Dr. Louise Ivers, Partners In Health/Zanmi Lasante, Haiti

by Anjali Sastry on February 11, 2009

Dr. Louise Ivers joined us in class today, February 11, 2009.  Here are some notes from our students for their classmates, in advance of her visit: the students designed the preparation themselves.

To prepare, we recommend that all students watch videos and read the accompanying text published here. Students thought that it was especially valuable to watch the video titled “Dr. Louise” — look for it on the right where multimedia items are listed — and to read the Harvard World Media story on Dr. Ivers.

“A Hundred Dead People in My Truck,” which highlights the work of Dr. Ivers, puts her work in the context of other work happening presently in Haiti (the video is about 50 minutes and students found it very interesting): watch here. [Sorry! link broken and we’ve had no luck updatintg, despite contacting the site].

Following Dr. Ivers’ visit, two student teams collaborated to reflect on her visit.  Here is what they had to say:

One of the unique features of the Partners in the Health model is the focus on food and nutrition insecurity. The most common approach to health delivery in the developing world seems to focus exclusively on disease treatment and prevention, but without adequate attention to the effects of malnutrition on disease progress (particularly HIV). As Louise explained, food insecurity drives a number of factors which speed disease progression. The subsequent deterioration in health limits the ability of patients to work, drives social isolation and further malnutrition. The dynamic is simple to understand and easy to see in the developing world, but is not properly addressed by the current structure of many aid programs and healthcare delivery organizations.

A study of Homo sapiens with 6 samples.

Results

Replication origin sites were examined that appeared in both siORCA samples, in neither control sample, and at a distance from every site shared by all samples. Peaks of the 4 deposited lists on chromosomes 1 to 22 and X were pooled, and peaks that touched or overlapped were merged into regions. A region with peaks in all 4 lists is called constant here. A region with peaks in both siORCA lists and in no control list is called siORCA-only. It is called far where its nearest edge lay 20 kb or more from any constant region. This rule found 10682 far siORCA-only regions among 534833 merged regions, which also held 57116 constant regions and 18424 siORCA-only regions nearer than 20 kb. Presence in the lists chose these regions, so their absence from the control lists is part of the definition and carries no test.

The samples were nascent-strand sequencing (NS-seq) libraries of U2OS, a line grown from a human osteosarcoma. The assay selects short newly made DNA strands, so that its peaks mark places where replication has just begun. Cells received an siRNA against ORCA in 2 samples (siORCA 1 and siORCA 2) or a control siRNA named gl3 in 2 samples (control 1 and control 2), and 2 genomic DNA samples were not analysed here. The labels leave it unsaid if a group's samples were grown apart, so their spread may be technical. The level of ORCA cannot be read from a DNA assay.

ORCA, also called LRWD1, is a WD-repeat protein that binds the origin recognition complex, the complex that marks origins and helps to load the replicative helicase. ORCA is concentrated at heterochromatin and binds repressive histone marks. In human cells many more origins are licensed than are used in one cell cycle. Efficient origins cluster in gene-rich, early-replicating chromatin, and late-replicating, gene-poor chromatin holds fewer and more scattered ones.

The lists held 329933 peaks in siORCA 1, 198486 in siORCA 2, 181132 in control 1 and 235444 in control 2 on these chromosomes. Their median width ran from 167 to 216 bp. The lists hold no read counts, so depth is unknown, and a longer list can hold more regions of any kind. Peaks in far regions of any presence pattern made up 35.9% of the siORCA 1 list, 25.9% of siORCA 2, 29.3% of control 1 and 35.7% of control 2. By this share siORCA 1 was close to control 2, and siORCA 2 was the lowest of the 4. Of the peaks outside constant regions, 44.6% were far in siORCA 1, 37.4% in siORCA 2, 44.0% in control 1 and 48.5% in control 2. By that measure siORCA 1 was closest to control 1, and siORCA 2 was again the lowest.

This phenomenon supports the need for organizations and programs which drive community development with an integrative approach. One of our group’s partner organizations, ELI in Kenya, sees that addressing multiple community needs at one time increases the effectiveness of each initiative. For example, their clinic improves community health, which allows children to attend school. The agricultural training school they run raises community incomes, allowing families to pay for healthcare and schooling. Without all of these pieces operating in unison, the success of each individual effort (education, health, economic development) is jeopardized.

Another of our partner organizations, Surgeons Overseas, finds a similar need for an integrative approach to healthcare delivery in Sierra Leone. Although Surgeons Overseas’ mission is specific to bringing improved surgical care and surgical resident training to Sierra Leone, the organization finds that the success of this mission requires more than just bringing Western-trained surgeons to Sierra Leone and setting up a residency program. Success of the residency program depends on improving facilities at Connaught Hospital (Surgeons Overseas’ partner facility), improving the management of the hospital, and increasing access to basic medical supplies. For example, prior to Surgeons Overseas’ partnership, Connaught Hospital had to deny surgical treatment to some patients due to shortages of basic supplies such as latex gloves. Surgeons Overseas therefore chose to allocate some of its resources to providing the hospital with an inventory of basic supplies.

Without recognizing the systemic relationship between poverty, health, education and economic development, there is little hope for solving these issues in the developing world. However, creating organizations which can implement this integrative approach is difficult. How do your prioritize initiatives? How do you market the needs of your organization to potential donors? How do you assemble a staff of individuals with such a diverse set of skills and knowledge?